Focus on Fitness – The Plank

July 7th, 2013

The “plank” exercise is a fantastic exercise that you can do with no equipment, and a couple extra seconds per day.  Generally a plank, done correctly, works your entire core.  This exercise is not only challenging, it increases the strength of your core, and you can modify it to your level and build from your own personal starting point.    Building a stronger core is necessary for back and spine health,as well as aides you in becoming a better mover and can help you stay balanced.

So how do we do a plank?  Luckily, there is a wonderful set of instructions that can be found here.  A modification to this exercise can be as simple as dropping to your knees instead of holding a plank on your toes if you are not quite ready to hold the full plank as you first start out.  Once you are holding the plank, some simple cues to get the maximum benefit out of the exercise are:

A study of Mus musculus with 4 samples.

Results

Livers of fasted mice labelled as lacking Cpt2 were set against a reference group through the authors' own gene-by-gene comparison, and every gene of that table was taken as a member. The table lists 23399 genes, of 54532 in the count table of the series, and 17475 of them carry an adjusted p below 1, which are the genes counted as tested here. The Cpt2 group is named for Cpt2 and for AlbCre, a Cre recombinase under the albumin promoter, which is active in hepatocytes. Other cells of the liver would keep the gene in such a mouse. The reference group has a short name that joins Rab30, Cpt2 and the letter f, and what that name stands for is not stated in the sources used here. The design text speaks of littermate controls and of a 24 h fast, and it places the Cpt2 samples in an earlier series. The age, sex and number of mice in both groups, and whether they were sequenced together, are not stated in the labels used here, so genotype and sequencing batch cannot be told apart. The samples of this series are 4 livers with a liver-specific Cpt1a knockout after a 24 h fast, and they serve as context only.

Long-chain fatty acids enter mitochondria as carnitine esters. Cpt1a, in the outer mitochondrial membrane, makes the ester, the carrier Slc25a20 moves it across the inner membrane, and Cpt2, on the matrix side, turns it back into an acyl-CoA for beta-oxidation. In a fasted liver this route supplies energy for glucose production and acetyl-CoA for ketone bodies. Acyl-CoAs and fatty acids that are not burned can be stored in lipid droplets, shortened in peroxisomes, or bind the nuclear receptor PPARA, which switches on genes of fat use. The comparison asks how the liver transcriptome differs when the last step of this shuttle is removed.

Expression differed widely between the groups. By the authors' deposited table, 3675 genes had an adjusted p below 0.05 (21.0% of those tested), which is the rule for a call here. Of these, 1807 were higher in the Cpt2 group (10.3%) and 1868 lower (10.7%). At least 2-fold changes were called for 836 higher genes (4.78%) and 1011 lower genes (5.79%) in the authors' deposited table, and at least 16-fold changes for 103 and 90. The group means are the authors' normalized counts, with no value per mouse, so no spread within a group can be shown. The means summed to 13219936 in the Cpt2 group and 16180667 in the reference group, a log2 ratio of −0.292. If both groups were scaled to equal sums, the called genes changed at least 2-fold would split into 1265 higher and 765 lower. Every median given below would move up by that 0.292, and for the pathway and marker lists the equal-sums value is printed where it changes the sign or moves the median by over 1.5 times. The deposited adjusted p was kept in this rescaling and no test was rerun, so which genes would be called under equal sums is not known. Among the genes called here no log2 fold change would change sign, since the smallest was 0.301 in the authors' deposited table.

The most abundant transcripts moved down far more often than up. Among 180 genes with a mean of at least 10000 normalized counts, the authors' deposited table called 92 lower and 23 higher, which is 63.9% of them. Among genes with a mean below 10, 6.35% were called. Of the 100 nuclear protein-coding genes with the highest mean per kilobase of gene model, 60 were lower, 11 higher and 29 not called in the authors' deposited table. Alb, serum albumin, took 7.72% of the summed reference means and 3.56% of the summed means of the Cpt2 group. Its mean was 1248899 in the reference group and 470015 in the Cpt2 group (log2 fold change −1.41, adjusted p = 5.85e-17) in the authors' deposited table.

• Squeeze the fronts of your legs, like you are trying to pull your kneecaps up with your quad muscles
  • Squeeze the backs of your legs, like you are trying to pinch a penny in between your glutes
  • Brace your abdominal muscles like you are about to absorb a punch in the stomach and breathe behind that brace
  • Look from side to side for a bit with your head so you can release any tension you are holding in your neck

So, try it out!  Test yourself by trying the knee version first and see how that goes.  If that is very easy for you, try the full plank on your toes.  Begin by holding it for just a couple seconds.  Build up your hold over time, and then gradually begin doing another hold or two throughout your day.  Of course, you should consult your medical professional to make sure that this exercise is a good fit for you.